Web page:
Max Schulte/WXXI News

Rochester Institute of Technology has an extensive safety plan ready for the start of the fall semester on Aug. 19.

It includes the usual steps -- reducing the number of people on campus, regular cleaning and disinfection, contact tracing -- as well as perhaps less expected measures like regularly testing the wastewater from student residence halls and apartments for signs of the novel coronavirus.

Philosophy professor Tim Engstrom acknowledged that the university has done an enormous amount of work to ready the campus, but he's still worried.

"I think the big anxiety is that this is all dependent upon managing behaviors -- student behaviors while on campus, while off campus, that really aren't entirely manageable," he said.

Engstrom, who is vice chair of RIT's Academic Senate, said he and his colleagues know that COVID-19 will be on campus. The question is to what extent.

"This is not a fascist state and we're not recommending it become one," he said, "but one of the challenges is that people can move where they want, when they want and the results of that are going to be very, very problematic."        

Every day, whether they’re on campus or not, faculty, staff, and students will be required to fill out an online symptom check list.        

They will also have to provide evidence of a negative coronavirus test before returning to campus. Students coming from a COVID-19 "hot spot" will have to be tested again once they get to campus. 

Those who test positive will be told to quarantine.

But Engstrom still has questions. Among them: How can RIT have any control over students going to campus parties or off-campus gatherings? Can or will the school monitor quarantined individuals to ensure their compliance? 

He said it's critical to have open, honest conversations between faculty and administration, where faculty feel that they are part of the decision making.

Engstrom and his colleague, Academic Senate chair Clyde Hull, said this kind of dialogue has been ongoing.

In fact, Hull said it's already resulted in some changes.  Initially, he said, faculty members were told were told 80% of classes would be held on campus, and 20% of classes would be held remotely.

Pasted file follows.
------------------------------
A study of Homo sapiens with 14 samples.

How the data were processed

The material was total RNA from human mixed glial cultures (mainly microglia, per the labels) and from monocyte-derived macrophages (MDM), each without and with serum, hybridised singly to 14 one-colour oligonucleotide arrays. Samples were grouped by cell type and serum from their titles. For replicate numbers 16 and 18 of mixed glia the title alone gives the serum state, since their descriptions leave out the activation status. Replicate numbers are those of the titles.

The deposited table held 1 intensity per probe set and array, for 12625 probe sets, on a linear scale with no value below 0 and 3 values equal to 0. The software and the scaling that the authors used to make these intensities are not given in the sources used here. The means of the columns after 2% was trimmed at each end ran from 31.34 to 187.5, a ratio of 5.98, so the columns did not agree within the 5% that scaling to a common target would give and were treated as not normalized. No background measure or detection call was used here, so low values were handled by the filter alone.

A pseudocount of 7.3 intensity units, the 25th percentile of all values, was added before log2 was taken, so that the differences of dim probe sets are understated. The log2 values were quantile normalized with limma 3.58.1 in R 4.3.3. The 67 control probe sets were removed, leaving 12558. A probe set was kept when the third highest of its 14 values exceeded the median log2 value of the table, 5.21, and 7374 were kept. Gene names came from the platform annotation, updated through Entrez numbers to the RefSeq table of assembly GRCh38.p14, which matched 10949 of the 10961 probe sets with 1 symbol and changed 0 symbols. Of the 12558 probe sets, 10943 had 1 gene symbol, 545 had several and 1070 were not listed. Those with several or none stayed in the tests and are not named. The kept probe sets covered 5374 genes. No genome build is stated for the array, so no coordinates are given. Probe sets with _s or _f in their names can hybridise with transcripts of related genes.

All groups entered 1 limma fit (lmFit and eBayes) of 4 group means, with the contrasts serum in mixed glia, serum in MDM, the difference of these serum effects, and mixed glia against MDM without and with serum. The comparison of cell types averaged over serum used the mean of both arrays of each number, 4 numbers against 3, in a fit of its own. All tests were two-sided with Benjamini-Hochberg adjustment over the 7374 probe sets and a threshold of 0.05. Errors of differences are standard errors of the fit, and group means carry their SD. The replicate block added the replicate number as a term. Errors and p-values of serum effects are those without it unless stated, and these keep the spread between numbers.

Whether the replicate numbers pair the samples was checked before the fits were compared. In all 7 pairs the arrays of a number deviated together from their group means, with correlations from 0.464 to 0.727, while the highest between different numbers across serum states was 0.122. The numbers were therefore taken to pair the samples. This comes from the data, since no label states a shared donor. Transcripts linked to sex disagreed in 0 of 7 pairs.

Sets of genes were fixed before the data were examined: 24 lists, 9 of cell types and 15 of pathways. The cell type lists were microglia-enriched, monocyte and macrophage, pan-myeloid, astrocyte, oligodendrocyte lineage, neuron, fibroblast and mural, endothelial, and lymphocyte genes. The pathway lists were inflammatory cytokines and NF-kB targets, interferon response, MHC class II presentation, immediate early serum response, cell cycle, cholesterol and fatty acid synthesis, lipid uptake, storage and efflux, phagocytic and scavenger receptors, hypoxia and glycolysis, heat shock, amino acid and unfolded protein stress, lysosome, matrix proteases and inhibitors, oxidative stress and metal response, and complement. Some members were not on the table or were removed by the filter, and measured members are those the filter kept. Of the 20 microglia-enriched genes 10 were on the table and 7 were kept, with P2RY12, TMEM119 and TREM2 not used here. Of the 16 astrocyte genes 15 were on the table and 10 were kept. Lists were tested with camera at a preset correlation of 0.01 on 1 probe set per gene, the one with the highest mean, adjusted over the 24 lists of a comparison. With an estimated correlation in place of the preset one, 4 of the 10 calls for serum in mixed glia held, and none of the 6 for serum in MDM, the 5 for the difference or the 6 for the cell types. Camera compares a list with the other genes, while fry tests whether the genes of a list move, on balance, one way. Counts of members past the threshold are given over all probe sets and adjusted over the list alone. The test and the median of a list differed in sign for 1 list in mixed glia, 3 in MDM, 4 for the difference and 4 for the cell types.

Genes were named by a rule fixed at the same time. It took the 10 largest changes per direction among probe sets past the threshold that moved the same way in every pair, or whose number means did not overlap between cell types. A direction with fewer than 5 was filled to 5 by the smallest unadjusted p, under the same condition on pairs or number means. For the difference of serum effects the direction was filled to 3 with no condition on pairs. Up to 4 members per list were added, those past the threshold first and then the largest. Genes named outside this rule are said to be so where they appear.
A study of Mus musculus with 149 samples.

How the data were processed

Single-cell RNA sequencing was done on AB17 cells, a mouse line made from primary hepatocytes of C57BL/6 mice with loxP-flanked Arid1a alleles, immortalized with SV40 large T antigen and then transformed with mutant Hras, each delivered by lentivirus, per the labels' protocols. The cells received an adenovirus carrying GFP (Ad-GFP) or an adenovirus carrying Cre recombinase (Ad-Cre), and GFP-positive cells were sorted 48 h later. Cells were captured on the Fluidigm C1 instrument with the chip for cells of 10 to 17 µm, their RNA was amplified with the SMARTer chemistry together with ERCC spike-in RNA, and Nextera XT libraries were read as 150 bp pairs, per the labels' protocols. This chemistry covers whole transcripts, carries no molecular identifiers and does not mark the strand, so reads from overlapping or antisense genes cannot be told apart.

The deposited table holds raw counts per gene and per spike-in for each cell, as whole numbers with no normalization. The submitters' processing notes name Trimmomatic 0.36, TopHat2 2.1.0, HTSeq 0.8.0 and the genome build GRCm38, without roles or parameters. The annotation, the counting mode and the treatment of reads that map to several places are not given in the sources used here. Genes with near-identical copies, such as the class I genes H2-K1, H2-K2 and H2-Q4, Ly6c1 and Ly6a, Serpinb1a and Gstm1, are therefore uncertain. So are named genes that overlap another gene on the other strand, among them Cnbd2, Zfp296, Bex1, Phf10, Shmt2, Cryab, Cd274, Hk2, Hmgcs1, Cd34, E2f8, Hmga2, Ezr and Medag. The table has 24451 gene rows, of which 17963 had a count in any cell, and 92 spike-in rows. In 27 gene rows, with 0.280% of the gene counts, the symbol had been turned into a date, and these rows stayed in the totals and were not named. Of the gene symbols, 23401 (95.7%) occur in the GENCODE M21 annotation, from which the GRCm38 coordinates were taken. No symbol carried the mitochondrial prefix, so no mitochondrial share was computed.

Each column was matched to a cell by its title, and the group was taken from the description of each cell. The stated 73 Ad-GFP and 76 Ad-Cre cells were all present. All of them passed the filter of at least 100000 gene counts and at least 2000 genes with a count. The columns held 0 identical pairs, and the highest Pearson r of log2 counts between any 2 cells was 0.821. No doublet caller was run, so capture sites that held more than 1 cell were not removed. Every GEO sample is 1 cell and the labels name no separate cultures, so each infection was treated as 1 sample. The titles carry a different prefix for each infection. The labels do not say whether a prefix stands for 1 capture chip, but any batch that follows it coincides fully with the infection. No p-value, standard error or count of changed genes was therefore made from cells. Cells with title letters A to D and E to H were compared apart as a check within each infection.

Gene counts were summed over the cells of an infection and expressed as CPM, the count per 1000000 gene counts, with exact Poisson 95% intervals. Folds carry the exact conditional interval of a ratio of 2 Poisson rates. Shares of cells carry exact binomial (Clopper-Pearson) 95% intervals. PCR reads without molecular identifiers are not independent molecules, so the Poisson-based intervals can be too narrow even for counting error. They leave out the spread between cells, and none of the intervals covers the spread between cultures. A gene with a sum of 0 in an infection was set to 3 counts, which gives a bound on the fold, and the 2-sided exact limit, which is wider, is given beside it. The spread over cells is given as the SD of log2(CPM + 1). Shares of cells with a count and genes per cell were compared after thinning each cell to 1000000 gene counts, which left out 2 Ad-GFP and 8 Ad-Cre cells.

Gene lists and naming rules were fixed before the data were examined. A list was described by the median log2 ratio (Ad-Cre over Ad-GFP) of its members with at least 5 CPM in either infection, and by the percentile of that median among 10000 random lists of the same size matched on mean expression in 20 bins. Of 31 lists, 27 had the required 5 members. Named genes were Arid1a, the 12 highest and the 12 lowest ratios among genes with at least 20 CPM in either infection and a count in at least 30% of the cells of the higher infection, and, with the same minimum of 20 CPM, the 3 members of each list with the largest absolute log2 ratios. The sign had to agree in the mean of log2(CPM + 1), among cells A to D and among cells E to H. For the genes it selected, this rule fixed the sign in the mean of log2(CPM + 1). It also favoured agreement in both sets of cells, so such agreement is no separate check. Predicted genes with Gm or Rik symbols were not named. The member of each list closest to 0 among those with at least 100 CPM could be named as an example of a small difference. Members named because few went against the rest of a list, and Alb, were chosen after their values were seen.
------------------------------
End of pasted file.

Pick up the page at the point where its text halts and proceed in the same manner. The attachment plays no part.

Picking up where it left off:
But not everyone was comfortable with that.

"I think faculty in general felt coerced," said Hull. "Now that the 20% rule has been relaxed and faculty are being more listened to, I'm not as sure that faculty are pushing as hard for it because now they have the autonomy; they can decide for themselves."

Now, at least 35% to 40% of classes may end up being taught online, Engstrom said, simply to accommodate faculty members who have health conditions that put them at risk.

That's not necessarily a negative.

Hull, a professor of management at the Saunders College of Business, said classrooms have been equipped with streaming technology so students who are under quarantine or don't want to be there in person can join the class remotely.

"Imagine the educational possibilities," he said. "RIT has campuses in China and Croatia and Dubai. Assuming you work out the time zone issues, you could have a class where you have students in all those campuses in one class together."

Credit University of Rochester

At the University of Rochester, Amy Lerner, co-chair of the Faculty Senate, said faculty members have been given the flexibility to design their classes based on what makes sense both academically and with health and safety in mind.

"For the portions of my class that can be adequately delivered remotely, that's the way I'm going to do it," Lerner said. "If they don't need to be in the classroom, I won't bring them into the classroom."

Lerner is a professor of biomedical engineering, a field that does require some hands-on, in-person instruction. 

She said faculty are still working out a process where anyone who is wary of coming to campus can raise their concerns.

"I don't know yet if all of them will be accommodated," she said, "but I do feel confident that our administration is aware that some people will be concerned and will be listened to."

Like RIT, the University of Rochester has laid out a comprehensive reopening plan that involves surveillance, testing, and tracing.

With the fall semester scheduled to start on Aug. 26, Lerner said she is both nervous and optimistic.

"I think this is one of the biggest challenges for higher education any of us have ever seen," she said. "I think it will require the greatest creativity that we can bring to task."

Beth Adams joined WXXI as host of Morning Edition in 2012 after a more than two-decade radio career. She was the longtime host of the WHAM Morning News in Rochester. Her career also took her from radio stations in Elmira, New York, to Miami, Florida.